Low-micronaire cotton has a chance to go from textile mill troublemaker to environmental hero.
Cotton is graded on several quality parameters, including fiber strength, length and micronaire (a measurement of the lint’s fineness and maturity). Cotton farmers strive to avoid low-mic cotton, which is generally unwanted by textile mills and therefore penalized in the marketplace, says Seshadri Ramkumar, manager of the Nonwovens and Advanced Materials laboratory at Texas Tech University.
"It doesn’t take a dye well, so it has little value as a textile fiber," he says.
But Ramkumar has other designs for low-mic cotton. In a recent study, Ramkumar and his colleagues tested low-mic cotton’s effectiveness of mopping up oil. The study, which was published in the most recent issue of the American Chemical Society’s journal, shows that one pound of low-mic cotton can absorb more than 30 pounds of dense crude oil.
"Because it is less mature, more of it can be packed into a given area," Ramkumar says. "We show through sophisticated testing that low-micronaire cotton is much finer and can pick up more crude oil."
Ramkumar says the natural waxiness of raw, unprocessed cotton fiber keeps water out. That makes cotton an efficient, effective, natural solution for cleaning up ocean-based oil spills.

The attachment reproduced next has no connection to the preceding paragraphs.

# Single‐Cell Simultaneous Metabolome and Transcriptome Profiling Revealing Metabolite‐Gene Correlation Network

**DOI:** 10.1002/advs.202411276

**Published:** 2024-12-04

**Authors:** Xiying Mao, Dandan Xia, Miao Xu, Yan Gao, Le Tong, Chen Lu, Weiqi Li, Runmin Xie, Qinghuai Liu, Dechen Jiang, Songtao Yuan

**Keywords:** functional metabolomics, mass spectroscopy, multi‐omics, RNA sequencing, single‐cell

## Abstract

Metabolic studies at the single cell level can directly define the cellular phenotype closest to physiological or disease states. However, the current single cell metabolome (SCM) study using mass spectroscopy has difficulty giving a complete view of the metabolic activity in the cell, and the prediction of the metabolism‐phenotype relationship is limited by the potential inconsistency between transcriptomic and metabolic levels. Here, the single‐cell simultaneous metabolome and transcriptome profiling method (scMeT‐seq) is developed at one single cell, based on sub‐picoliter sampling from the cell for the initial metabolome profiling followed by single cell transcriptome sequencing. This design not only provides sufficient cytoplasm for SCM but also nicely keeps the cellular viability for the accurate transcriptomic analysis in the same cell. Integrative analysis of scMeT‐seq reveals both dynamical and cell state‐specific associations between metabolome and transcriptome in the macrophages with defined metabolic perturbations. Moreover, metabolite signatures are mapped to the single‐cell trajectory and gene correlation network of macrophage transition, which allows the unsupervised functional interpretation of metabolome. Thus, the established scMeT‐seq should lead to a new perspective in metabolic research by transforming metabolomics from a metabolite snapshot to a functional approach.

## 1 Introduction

Ron Kendall, director emeritus at Texas Tech’s Institute of Environmental and Human Health, says the explosion and subsequent oil spill on Deepwater Horizon in 2010 reinforces the needs to devise smarter oil-spill solutions.
"One of the things we realized from the Deepwater Horizon disaster is we didn’t have the best tools for cleanup, and the technology wasn’t right for the booms," he says. "This discovery that low-micronaire cotton, which is the least valuable cotton, can absorb as much crude oil as it does is a breakthrough discovery. It gives us an excellent tool for cleanup of shorelines, animals and ecologically sensitive areas, as well as a new technology for booms that can stop oil sheen moving into wetlands."
Graduate student Vinitkumar Singh conducted laboratory work for the study. Cotton Incorporated and the CH Foundation each contributed funds to the research.